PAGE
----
The long-term benefits of early childhood supplementation and the extent to which catch-up growth occurs following linear growth retardation remain controversial.
Stunted children (height-for-age<-2 SD of NCHS references, n=122) recruited from a survey of poor neighborhoods in Kingston, Jamaica, participated in a 2-yr randomized, controlled trial of supplementation beginning at ages 9-24 mo.
A group of 32 non-stunted children from the same neighborhoods was also followed.
Four years after the intervention ended, when children were 7 to 8 y old, there were no effects of supplementation on any anthropometric measure.
From the end of the trial until follow-up, the children who had been supplemented gained 1.2 cm less (P<0.05) than the non-supplemented children, approximately the same amount as they had gained during the trial compared with the non-supplemented children.
After adjustment for regression to the mean, the height-for-age of stunted children (supplemented and non-supplemented combined) increased from enrollment to follow-up by 0.31 Z-score (95% Cl 0.17,0.46).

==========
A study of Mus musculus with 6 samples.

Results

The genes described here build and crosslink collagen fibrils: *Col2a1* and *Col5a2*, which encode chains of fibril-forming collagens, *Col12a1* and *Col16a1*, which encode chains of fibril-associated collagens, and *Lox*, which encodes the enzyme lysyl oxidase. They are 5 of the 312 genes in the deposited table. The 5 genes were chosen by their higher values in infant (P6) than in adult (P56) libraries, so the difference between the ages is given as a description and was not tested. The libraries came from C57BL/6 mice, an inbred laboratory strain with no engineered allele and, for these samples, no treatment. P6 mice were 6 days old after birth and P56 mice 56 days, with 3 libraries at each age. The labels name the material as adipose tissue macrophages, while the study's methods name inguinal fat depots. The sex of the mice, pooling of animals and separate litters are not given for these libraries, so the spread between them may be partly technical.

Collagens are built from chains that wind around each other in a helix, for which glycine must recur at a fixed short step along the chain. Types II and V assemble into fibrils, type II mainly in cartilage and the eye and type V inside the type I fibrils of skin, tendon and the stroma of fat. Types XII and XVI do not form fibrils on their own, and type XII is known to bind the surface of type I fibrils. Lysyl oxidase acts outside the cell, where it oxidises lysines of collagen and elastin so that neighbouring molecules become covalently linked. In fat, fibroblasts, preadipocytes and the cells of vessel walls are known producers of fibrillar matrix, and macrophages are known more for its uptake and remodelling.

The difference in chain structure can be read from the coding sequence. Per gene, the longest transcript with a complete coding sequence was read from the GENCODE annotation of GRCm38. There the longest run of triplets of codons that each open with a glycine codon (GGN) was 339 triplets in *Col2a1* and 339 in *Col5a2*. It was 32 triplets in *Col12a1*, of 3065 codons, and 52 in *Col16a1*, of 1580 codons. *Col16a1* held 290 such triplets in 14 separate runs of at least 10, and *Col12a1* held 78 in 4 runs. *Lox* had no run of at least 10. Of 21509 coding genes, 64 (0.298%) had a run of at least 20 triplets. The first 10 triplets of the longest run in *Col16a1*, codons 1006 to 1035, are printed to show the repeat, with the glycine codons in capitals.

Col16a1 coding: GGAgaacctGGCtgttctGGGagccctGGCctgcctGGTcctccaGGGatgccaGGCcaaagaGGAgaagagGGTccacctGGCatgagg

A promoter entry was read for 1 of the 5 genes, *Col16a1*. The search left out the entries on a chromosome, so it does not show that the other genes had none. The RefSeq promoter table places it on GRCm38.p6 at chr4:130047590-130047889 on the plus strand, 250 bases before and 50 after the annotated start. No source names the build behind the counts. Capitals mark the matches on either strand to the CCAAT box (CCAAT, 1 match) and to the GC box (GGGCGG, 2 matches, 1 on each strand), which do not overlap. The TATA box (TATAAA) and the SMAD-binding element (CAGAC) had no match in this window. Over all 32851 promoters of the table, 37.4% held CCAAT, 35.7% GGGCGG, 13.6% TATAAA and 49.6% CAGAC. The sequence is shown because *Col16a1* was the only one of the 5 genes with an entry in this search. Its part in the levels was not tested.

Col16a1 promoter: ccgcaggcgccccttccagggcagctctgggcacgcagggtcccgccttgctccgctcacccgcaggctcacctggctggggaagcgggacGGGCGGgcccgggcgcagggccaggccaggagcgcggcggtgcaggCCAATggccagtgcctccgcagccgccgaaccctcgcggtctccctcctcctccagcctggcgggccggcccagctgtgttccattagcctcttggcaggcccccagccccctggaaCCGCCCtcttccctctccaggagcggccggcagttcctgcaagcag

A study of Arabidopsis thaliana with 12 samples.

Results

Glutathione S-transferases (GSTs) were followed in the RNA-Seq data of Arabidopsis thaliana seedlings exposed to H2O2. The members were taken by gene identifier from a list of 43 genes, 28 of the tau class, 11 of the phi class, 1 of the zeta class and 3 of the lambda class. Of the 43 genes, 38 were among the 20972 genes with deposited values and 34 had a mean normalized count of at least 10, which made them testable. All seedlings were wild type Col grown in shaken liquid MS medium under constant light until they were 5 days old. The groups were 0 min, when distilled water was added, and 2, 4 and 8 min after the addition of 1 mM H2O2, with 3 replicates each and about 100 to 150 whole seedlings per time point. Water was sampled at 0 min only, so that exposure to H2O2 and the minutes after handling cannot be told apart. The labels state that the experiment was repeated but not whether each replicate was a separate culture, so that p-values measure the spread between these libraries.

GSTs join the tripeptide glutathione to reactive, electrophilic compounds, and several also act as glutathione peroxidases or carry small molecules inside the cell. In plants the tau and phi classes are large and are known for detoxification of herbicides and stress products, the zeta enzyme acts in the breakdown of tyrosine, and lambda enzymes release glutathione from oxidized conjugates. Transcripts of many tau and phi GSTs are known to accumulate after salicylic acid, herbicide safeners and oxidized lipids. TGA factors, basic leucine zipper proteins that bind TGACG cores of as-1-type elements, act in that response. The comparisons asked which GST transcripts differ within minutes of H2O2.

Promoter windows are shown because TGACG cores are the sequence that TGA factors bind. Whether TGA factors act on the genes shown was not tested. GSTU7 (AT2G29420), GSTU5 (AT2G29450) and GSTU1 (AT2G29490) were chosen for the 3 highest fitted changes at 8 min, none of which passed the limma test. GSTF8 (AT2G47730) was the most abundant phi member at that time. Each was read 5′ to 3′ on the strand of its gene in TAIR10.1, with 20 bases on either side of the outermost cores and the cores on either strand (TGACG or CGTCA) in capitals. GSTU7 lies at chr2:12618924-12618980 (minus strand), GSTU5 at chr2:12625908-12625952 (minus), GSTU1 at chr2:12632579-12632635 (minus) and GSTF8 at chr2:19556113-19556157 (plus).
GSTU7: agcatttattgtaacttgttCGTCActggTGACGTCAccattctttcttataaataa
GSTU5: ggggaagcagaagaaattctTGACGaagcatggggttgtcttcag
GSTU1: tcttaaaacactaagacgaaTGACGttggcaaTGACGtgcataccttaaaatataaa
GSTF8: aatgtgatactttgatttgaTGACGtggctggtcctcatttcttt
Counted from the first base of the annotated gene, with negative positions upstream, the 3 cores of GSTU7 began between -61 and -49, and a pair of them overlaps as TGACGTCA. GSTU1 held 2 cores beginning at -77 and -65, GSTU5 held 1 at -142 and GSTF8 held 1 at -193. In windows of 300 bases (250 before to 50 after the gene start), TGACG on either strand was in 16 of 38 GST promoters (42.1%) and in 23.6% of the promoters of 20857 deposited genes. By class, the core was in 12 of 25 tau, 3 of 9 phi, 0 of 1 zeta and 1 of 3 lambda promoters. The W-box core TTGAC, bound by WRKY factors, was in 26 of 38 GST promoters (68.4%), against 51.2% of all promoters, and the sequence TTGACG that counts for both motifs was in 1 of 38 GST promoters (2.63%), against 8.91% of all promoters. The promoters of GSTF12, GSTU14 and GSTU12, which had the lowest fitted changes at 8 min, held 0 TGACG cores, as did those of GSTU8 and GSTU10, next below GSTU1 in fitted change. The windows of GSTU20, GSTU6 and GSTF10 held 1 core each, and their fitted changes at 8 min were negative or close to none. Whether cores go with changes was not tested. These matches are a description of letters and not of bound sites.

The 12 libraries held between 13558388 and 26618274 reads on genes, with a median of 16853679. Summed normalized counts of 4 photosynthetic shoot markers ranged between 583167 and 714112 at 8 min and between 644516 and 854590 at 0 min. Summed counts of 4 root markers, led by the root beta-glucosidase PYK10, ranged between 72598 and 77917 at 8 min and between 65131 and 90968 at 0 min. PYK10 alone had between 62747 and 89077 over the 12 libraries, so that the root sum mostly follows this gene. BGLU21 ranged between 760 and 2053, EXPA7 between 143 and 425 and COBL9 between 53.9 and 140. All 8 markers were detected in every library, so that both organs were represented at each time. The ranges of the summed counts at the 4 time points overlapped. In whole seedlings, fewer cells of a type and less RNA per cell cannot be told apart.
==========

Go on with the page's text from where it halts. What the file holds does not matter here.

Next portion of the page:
The height-for-age of the non-stunted children also increased (0.96 Z-score ; 95% Cl 0.70,1.22).
Our results suggest that some catch-up growth is possible even when children remain in poor environments.
Long-term benefits of supplementation to growth may not be achieved when intervention begins after age 12 mo in children who have already become undernourished.
Mots-clés Pascal : Jamaïque, Antilles, Amérique Centrale, Amérique, Retard staturopondéral, Croissance, Long terme, Régime alimentaire enrichi, Supplémentation, Efficacité, Programme sanitaire, Alimentation, Développement postnatal, Enfant, Homme, Déficit taille âge
Mots-clés Pascal anglais : Jamaica, West Indies, Central America, America, Growth retardation, Growth, Long term, Supplemented diet, Supplementation, Efficiency, Sanitary program, Feeding, Postnatal development, Child, Human, Stunting
Notice produite par :
Inist-CNRS - Institut de l'Information Scientifique et Technique
Cote : 97-0132654
Code Inist : 002B22C. Création : 21/05/1997.